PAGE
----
Perhaps because of the places we frequented, my gender, bearing, or the colour of my skin, in all my twelve years in London, I was never stopped by the police, far less asked to produce any papers or searched. Neither did I ever witness it happening to anyone else. Although statistics told me that stop and searches were on the increase in the UK, if I thought about it at all, the concept seemed to me at once outlandish and outrageous to me.
I have been in France for a year, and so far I have been stopped by the police three times. In a way it would be comforting to suppose that this was down to my being English, but on none of these occasions have I opened my mouth before I was stopped (and my wardrobe, whilst not yet running to a pair of leather trousers for the purposes of the school run, no longer screams ANGLO-SAXON either). I have racked my brains but there are no other obvious justifications for this having happened. On none of these occasions was I behaving at all suspiciously. The village where we live may not be Chipping Norton, but it is about as smart as it gets just outside Lyon, and is certainly not a hotbed of crime or dissent. And yes, my most recent stoppage occurred about a fortnight after the terror attacks in Paris, but the same could not be said for the two previous occasions.
The last occasion went something like this: it was half past five and I was driving the children home from their swimming lesson in our tiny red Citroën when my attention was caught by two men in fluorescent jackets, standing in my lane and gesticulating for me to pull over. I began to panic. Undoubtedly I had been careering slightly as I was driving, having been distracted by the usual 101 questions emanating from the back of the car and by the need to swerve periodically to avoid the usual obstacles in any French road (pedestrians, aggressive motorists, potholes). It was possible that I had nudged myself over the 50km per hour speed limit in the confusion, but I did not think so. Or perhaps one of our lights was not working correctly? I was supposed to carry a spare bulb in the car at all times. I began to tremble slightly as I slowed the car to an absurd crawl and pulled into a side road.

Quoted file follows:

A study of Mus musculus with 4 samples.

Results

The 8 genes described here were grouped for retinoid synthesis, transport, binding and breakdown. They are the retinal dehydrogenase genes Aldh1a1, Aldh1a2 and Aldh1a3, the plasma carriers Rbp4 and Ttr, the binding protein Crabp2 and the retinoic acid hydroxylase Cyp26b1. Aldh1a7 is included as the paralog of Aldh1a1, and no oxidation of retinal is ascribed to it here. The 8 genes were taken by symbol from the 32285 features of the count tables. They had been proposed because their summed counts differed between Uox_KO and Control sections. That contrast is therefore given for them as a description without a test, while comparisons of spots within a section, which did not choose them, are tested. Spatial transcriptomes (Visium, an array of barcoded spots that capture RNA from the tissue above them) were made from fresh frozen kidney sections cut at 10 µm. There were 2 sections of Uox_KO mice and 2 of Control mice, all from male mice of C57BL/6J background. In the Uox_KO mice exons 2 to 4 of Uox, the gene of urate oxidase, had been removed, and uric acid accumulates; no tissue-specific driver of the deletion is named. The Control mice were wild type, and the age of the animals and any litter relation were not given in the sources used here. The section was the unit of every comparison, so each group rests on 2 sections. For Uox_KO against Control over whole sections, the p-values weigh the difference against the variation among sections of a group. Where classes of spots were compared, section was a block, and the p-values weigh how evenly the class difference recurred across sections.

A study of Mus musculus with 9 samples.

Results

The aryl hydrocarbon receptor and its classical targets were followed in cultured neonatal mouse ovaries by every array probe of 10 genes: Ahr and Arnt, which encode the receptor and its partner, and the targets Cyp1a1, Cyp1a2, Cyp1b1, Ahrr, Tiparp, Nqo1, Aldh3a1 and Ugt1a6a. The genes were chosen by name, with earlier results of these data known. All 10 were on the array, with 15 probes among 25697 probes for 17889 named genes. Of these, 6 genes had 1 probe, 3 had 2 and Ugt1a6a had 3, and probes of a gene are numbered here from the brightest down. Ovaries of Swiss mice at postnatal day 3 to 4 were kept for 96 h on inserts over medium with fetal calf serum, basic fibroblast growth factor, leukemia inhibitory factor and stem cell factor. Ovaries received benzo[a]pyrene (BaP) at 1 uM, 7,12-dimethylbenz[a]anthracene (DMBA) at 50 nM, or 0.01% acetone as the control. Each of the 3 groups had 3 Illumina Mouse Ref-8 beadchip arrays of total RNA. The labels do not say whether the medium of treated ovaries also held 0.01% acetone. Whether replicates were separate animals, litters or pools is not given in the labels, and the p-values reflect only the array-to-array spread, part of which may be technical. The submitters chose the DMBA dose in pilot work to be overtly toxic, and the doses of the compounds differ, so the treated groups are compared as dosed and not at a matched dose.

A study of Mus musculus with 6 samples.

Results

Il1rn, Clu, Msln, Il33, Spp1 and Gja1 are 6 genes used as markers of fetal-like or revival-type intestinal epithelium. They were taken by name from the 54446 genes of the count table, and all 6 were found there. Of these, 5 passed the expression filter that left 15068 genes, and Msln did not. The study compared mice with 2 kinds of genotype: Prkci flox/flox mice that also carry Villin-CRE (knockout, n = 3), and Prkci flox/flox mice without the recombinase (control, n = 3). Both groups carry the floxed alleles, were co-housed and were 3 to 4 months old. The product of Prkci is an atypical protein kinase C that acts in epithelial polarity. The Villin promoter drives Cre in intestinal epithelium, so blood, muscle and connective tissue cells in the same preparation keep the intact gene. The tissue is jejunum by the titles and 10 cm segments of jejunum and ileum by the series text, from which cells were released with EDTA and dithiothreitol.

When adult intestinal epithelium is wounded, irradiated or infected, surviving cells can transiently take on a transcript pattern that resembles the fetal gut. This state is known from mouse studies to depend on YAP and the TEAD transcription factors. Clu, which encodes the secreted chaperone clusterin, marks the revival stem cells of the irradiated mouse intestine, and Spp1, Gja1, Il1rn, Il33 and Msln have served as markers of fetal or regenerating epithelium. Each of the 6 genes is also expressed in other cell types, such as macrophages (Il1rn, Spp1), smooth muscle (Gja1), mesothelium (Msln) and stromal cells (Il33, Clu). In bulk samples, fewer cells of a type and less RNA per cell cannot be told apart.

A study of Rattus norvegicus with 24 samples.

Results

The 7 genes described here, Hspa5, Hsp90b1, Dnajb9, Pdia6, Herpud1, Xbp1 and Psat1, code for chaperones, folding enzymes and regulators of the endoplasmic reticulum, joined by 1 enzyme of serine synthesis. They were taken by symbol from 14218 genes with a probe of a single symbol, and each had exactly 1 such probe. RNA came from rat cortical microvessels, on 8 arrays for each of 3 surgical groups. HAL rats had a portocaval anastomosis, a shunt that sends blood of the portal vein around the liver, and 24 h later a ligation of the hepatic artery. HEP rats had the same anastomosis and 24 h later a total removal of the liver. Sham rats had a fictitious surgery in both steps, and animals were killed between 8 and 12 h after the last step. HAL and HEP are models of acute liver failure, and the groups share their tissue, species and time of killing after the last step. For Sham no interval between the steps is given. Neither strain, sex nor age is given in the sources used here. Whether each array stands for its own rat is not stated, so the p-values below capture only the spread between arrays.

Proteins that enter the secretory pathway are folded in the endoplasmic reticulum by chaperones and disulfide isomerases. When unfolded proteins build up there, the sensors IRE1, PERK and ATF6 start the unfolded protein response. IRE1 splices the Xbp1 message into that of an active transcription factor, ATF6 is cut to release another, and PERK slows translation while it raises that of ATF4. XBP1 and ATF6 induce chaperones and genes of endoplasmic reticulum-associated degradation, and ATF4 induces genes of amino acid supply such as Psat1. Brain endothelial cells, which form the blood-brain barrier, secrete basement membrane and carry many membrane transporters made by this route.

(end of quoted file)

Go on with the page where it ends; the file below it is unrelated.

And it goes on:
I wound down the window as one of the yellow-jacked men strode up, importantly. It was only at this moment that I saw the gendarmes van and a third man, this one in black uniform, wearing a flak jacket and carrying a large, rectangular gun. The questions from the back multiplied (it is not very reassuring to be on the receiving end of questions about whether or not you will be shot by the scary soldier if you have been going too fast). Tension mounted.
It turns out, of course, that it was a spot check. They wanted to see my driving licence, my car insurance documents and my carte grise (this is a compulsory document which shows the ownership of the car). All of these things should have been very simple to produce but, being British and therefore slightly allergic to the idea of carrying myriad baffling papers with me at all times, I floundered. It just so happened that this was the one occasion on which I had left my purse at home, and so I did not have my driving licence. As for the insurance documents and carte grise, they were in a pocket of the car, but in my panic I failed to locate them. Not being able to produce these documents carried it a 50 Euro on-the-spot fine, the gendarme informed me: without them how could I prove who I was, where I lived, that I could drive, and that I had not stolen the car? What was there to stop them from throwing me into prison if they could not determine my identity? We trembled collectively in the car.
Eventually, doubtless feeling sorry for me with my clueless English accent, Mr yellow-jacket sent me home to bring back the missing documents immediately. I duly drove back cautiously (in case they were watching) and scampered about the find the necessary papers, before returning to the scene of my misdemeanour. The gendarmes having inspected the documents thoroughly (my UK driving licence caused a bit of excitement, and even the man with the gun came over to baffle over it), I was released to go home, unfined and ultimately more cross than shaken.
I should not have been surprised, now that I think about it. As previously noted, the French do love a mound of papers in any context, and I was undoubtedly naïve to suppose that the question of one’s identity was any different in this respect. In France, you can be as scintillating as you like, but really, without your piece d’identité, driving licence, carte grise, justificatif du domicile, carte vitale, and even, on a bus, your titre, you are either nobody, or worse, even as you transport your children home from swimming, you are a threat to the security of the nation. It is a probably a useful lesson in humility to realise that as a person I can be never be as important as the sum of my paperwork, though it was a lesson the French state might have been able to teach me (and my children) without the aid of a machine gun.